Budget fails schools and TAFEs
11 May 2017
The Federal Budget has exposed Malcolm Turnbull’s schools funding plan as a sham which will end needs-based funding, widen resources gaps and increase inequity.
Individual schools will be denied hundreds of thousands of dollars of Gonski funding, and some of the most disadvantaged schools in Australia will get the smallest increases.
We now know that schools will get $3.2 billion less in 2018 and 2019 than they would have got had Mr Turnbull simply honoured the Gonski Agreements with the states.
That $3.2 billion represents thousands of students who won’t get the benefits of smaller classes, extra literacy and numeracy programs, or extra support in class.
What a contrast to Malcolm Turnbull’s generosity to business, who he is rewarding with a $48 million tax cut.
AEU Federal President Correna Haythorpe said the Budget had confirmed schools will be $22 billion worse off over the next ten years than they would be under the Gonski agreements.
“This budget is hard on students and soft on big business. Schools can’t close student achievement gaps with cuts to funding – it’s that simple,” Ms Haythorpe said.
“We know Malcolm Turnbull’s plan will only widen the gap of disadvantage by locking public schools into an inherently flawed model. If we go down this path, 84 per cent of public schools will be below the minimum Schooling Resource Standard by 2027 – this means children will be left behind.
“Malcolm Turnbull will not deliver genuine needs-based funding. Under his plan it is the studnets with the highest needs who have the most to lose.
Disadvantaged Schools Biggest Losers
The new model would see public schools in the NT will get the smallest increases of any sector, just 1.3% per year, less than inflation, and far less than private schools in other states. This is despite their high levels of need.
The wealthy King’s School in Parramatta would receive an extra $320,000 in 2017, while Katherine High School in the NT would get just $72,000
The cuts will effect disadvantaged schools, who have been doing great things with their Gonski funding.
Chris Presland, principal of St.Clair High School in Sydney, said that the new model would ‘wipe out’ the gains his school had made under Gonski.
His school would be getting $300,000 less in 2018 and $430,000 less in 2019 under Turnbull’s plan.
Mr Presland said the school would have to cut back on literacy and numeracy programs and would be unable to expand attendance programs that had seen a 7 per cent attendance improvement from senior students.
Further cuts to TAFEs
It wasn’t just schools that missed out: the Budget has continued the federal government’s attacks on TAFE and delivered another funding cut to vocational education.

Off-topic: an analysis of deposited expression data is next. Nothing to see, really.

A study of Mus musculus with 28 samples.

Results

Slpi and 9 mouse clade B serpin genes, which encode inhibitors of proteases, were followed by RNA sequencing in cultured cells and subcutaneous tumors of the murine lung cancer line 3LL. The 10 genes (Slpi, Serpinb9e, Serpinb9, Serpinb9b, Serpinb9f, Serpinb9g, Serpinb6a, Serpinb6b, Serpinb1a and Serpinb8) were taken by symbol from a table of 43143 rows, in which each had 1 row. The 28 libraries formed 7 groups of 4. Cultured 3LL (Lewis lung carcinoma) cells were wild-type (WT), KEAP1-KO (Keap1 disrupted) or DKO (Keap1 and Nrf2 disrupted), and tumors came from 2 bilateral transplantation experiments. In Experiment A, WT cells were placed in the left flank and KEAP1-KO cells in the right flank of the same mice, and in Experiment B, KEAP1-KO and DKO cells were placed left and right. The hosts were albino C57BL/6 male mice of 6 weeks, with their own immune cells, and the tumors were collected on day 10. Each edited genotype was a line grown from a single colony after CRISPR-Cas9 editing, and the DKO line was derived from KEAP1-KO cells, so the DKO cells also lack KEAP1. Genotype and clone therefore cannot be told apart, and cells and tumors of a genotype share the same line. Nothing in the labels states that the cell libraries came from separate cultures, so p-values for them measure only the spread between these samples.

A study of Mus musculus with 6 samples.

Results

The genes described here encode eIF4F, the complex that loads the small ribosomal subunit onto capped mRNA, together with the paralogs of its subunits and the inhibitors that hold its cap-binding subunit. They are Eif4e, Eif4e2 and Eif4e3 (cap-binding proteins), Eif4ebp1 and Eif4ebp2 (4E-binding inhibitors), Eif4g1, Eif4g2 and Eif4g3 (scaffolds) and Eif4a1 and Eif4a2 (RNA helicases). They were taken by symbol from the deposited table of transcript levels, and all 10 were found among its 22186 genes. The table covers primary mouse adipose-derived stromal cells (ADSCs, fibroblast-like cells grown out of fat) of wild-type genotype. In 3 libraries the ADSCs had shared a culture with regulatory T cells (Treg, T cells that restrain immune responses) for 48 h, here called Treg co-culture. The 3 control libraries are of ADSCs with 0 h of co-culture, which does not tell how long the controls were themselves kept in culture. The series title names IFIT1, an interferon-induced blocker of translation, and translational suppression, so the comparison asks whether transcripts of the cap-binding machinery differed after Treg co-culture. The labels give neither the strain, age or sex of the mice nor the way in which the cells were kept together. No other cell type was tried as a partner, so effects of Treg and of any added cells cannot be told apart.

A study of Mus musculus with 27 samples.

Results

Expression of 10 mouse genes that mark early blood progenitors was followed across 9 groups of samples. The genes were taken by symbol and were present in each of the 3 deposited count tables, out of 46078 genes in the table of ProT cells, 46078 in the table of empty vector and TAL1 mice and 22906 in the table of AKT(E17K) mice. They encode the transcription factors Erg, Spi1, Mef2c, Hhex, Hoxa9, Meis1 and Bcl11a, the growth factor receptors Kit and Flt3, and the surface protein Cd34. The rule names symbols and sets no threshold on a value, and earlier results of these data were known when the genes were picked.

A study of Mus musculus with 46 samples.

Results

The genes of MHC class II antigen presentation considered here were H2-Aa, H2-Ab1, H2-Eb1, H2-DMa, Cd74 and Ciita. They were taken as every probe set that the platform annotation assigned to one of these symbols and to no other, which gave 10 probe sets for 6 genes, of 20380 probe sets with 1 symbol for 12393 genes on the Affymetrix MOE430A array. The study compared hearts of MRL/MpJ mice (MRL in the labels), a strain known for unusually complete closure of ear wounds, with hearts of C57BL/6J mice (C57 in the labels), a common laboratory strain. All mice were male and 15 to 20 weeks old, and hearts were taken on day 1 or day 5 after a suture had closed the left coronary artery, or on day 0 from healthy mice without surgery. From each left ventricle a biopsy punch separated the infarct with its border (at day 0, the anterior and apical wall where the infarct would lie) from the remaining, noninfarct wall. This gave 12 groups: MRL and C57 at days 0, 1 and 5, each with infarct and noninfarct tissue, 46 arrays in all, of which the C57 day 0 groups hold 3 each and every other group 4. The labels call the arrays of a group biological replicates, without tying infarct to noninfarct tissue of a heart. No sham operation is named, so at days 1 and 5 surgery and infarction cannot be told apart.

Pat Forward, AEU Federal TAFE Secretary said spending on vocational education will be cut by almost 10 per cent from July, followed by further cuts in the budget forward estimates.
“Australians trust public TAFEs, but instead of putting money in skills programs that are designed and proven to deliver real skills for real Australians, Turnbull continues his attack on the sector – stripping millions of dollars kicking off from 1 July,” said Ms Forward.
“Turnbull’s plan of smoke and mirrors aims to cut the current National Partnership Agreement for Skills Reform with a shonky National Partnership Skilling Australians Fund that will do nothing to undo the chronic underfunding of Australia’s public TAFE system.
“To suggest visa levies will fund over 300,000 more apprentices and trainees not only demonstrates the Government’s naivety, but will be dangerous for our workforce, potentially leaving us with significant skills gaps, irretrievably damaged for generations, resulting in an ongoing need for reliance on overseas supply.
“How has the Government reached the number of 300,000 new apprentices and how can they guarantee the income from visa levies will be maintained at levels to fund these new apprentice numbers? They can’t.
“Alarmingly, the fine print outlines funding for Turnbull’s scheme can be used for ‘employer incentives’
“After an ongoing decline of funding to TAFEs over the last ten years of close to 15 per cent, there is absolutely no guarantee any new funds will be used to support TAFE or its students,” said Ms Forward.
“Government investment in TAFEs has been in free fall in recent years and we need the Federal Government to properly fund TAFEs by reinstating National Partnership funding.
“Privatisation policies have failed and we need all governments to ensure a minimum of 70 per cent of public funding is reserved for TAFEs so they can continue providing quality, accessible vocational education for all Australians.
In another attack on VET students, the Federal Government has lowered the income threshold for student debt repayments to just $42,000 per year. This is especially harsh because of the number VET students who have accrued VET FEE-HELP debts for low-quality or uncompleted courses.
Temporary preschool funding extension
The Budget confirmed Education Minister Simon Birmingham’s decision extend National Partnerships funding for four-year old preschool until the end of 2018.
This is not good enough because an important program like preschool deserves ongoing, permanent funding. The current uncertainty makes it harder for educators to plan for new programs and population growth, and to retain staff.
“All the evidence shows quality preschool sets students up to succeed in the years beyond school. We need the federal government to provide ongoing, permanent funding to preschools, not put them in a situation where they have to keep fighting for it year after year,” said Ms Haythorpe.